Doctors have raised the alarm about a ‘substantial reduction’ in children’s cancer diagnoses during the first wave of the pandemic.
Analysis by Oxford University researchers looked at the number of cancer cases detected in under-25s in England between February and August last year, compared to the same period over the previous three.
They said there was a 17 per cent drop overall, which would suggest 80 fewer cases were detected.
Brain or central nervous system cancer diagnoses declined 38 per cent, and blood cancer diagnoses fell 28 per cent.
Charities warned cancer survival rates could ‘go backwards’ because of the backlog of patients needing care.
Britons were told to ‘stay home’ to protect the NHS in the first wave, which resulted in millions fewer patients coming forward for a host of appointments, scans and tests.
The above graph shows the percentage drop in cancer diagnoses in children during the first wave, compared to the same period over the previous three years
An abstract from study is to be presented at the London-based National Cancer Research Institute (NCRI) festival, the largest cancer conference in the UK.
Some 380 cancer cases were diagnosed in under-25s over the six-and-a-half month period studied last year.
This would suggest that over the same period three years ago 460 cases were detected.
Children diagnosed during the pandemic were significantly more likely to need intensive care (ICU) support prior to their diagnosis, the researchers found, suggesting they were sicker by the time they were diagnosed.
Signs and symptoms of cancer in children — what to watch out for
It is very rare for children to be diagnosed with cancer.
But some 1,600 cases are spotted in under-15s every year.
Cancer Research UK details the signs and symptoms to watch out for.
They list the following:
- Being unable to urinate, or having blood in urine;
- An unexplained lump, firmness or swelling anywhere in the body;
- Tummy pain or swelling that does not go away
- Back or bony pain that is long lasting;
- Seizures or changes in mood and behaviour;
- Headaches that do not go away;
- Frequent or unexplained bruising or a rash of small red or purple spots that can’t be explained;
- Unusual paleness;
- Feeling tired all the time;
- Flu-like symptoms, or frequent infections;
- Unexplained vomiting (being sick);
- Unexplained high temperature or sweating;
- Feeling short of breath;
- Changes in appearance of the eye or unusual eye reflections in photos.
Scientists say cancers appear at a constant rate, meaning any significant reduction in detections suggests some cases are being missed.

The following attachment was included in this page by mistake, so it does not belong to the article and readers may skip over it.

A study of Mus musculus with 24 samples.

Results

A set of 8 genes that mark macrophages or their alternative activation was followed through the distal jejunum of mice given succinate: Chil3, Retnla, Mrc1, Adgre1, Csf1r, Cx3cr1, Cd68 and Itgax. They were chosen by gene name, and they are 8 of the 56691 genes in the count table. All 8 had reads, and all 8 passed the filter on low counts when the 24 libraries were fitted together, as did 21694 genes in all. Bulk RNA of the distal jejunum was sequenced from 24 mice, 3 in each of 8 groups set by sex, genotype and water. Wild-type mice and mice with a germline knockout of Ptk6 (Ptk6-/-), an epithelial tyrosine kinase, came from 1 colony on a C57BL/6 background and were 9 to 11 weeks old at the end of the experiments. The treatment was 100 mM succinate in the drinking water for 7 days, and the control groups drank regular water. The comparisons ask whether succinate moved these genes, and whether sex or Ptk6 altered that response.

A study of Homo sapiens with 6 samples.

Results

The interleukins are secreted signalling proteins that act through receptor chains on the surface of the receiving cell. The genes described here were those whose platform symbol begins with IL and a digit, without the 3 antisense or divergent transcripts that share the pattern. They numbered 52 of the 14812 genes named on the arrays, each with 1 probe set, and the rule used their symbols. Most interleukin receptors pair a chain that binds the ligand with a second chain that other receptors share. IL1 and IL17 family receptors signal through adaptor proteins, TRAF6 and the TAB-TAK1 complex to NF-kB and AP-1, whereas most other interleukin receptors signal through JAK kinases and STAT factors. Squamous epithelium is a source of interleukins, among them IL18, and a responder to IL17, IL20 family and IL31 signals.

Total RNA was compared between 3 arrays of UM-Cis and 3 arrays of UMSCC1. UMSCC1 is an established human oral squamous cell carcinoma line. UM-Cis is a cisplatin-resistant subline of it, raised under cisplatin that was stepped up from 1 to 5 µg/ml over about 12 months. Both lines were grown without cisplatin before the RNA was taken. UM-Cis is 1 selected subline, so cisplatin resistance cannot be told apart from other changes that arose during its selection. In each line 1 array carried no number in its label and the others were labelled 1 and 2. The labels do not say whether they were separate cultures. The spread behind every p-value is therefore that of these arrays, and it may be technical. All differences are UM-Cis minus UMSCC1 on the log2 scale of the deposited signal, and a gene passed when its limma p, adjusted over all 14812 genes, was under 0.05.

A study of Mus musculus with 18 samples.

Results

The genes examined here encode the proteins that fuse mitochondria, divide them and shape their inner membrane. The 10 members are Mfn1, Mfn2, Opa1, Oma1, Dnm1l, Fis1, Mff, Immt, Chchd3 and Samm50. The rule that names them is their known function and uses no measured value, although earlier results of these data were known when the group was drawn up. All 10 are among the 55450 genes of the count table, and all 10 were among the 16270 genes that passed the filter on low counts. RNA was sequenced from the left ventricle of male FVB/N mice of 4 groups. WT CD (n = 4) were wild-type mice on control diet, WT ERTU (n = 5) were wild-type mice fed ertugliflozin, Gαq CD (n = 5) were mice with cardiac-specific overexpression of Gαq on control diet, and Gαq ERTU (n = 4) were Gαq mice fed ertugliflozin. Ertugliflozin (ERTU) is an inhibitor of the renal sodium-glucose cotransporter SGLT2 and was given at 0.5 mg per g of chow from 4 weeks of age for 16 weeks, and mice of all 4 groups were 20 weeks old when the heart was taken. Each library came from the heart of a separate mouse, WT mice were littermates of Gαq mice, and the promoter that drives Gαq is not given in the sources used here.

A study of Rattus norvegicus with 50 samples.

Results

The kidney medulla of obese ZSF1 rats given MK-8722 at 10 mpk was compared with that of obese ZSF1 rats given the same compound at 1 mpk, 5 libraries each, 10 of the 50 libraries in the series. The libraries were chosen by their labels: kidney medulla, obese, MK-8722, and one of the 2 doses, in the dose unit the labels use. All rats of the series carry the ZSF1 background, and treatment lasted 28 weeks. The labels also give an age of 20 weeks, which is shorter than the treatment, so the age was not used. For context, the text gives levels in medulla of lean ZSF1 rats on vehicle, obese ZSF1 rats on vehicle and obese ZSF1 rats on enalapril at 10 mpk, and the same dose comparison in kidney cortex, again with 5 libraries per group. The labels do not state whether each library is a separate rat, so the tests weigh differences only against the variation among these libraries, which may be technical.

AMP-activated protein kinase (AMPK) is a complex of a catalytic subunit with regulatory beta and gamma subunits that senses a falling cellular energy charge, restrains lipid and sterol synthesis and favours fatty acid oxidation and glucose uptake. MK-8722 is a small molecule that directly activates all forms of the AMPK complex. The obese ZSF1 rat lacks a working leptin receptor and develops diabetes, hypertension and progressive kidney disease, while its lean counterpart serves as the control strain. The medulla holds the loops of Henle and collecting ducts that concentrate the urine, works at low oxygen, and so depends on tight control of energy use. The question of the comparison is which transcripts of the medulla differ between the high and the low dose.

Symptoms of the condition in children include being unable to urinate, having blood in the urine, an unexplained lump , and persistent headaches.
The scientists behind the Oxford study concluded: ‘The Covid pandemic has led to substantial reduction in childhood, teenage and young adult cancer detection during the first wave, with an increase in cancer-related ICU admissions, suggesting more severe baseline disease at diagnosis.’
Dr Defne Saatci, a child health expert at Oxford University who was involved in the study, said: ‘Spotting cancer early and starting treatment promptly gives children and young people the best chance of surviving.
‘We already know that the Covid pandemic led to worrying delays in diagnosis and treatment for many adults with cancer, so we wanted to understand how the pandemic affected children’s cancer services.’
[Co-]Lead researcher Professor Julia Hippisley-Cox said: ‘We found that more children were admitted to intensive care prior to their cancer diagnosis during the pandemic.
‘A possible explanation is that these children waited longer to see a doctor and, therefore, may have been more unwell at the time of their diagnosis.
‘Together with the lower numbers of cancer diagnoses in the first wave, this study suggests Covid-19 may have had a serious impact on early diagnosis in this group of patients.
‘As we recover from the pandemic, it’s vital that we get diagnosis of cancer in children and young people back on track as quickly as possible.’
Kate Collins, chief executive of the Teenage Cancer Trust, said: ‘Until now there was limited evidence about the impact of the pandemic on the cancer diagnosis of children and young people.
‘Too often young people with cancer are forgotten or overlooked, especially in data collection, making them invisible in the system.
‘Even before the pandemic, we knew that young people’s route to diagnosis could be long and complicated. Early diagnosis can save lives.
‘The fact the pandemic has delayed diagnosis is an enormous concern and it is essential to understand not only the reasons the pandemic affected diagnosis but the impact this is having on children and young people with cancer, and what they need now from the healthcare services who care for them.’
It comes as the NHS faces the biggest ever backlog of care in its history. Some 5.8million people are waiting for hospital treatment in England alone.
Meanwhile, a damning report published in September concluded that it could take more than a decade to clear the cancer backlog in England.
Research from the Institute for Public Policy Research think tank and the CF health consultancy showed that during the height of the pandemic 369,000 fewer people than expected were referred to a specialist with suspected cancer.
Cancer Research UK warned that cancer survival rates ‘could go backwards’ due to the backlog of care.
An NHS spokesperson said: ‘This partial data does not reflect the full extent to which NHS staff maintained cancer services for children during the pandemic, with overall referral and treatment numbers, including for children, back to usual levels.
‘The NHS remains open and ready to care for you so it’s vitally important that people experiencing cancer symptoms come forward and get checked.’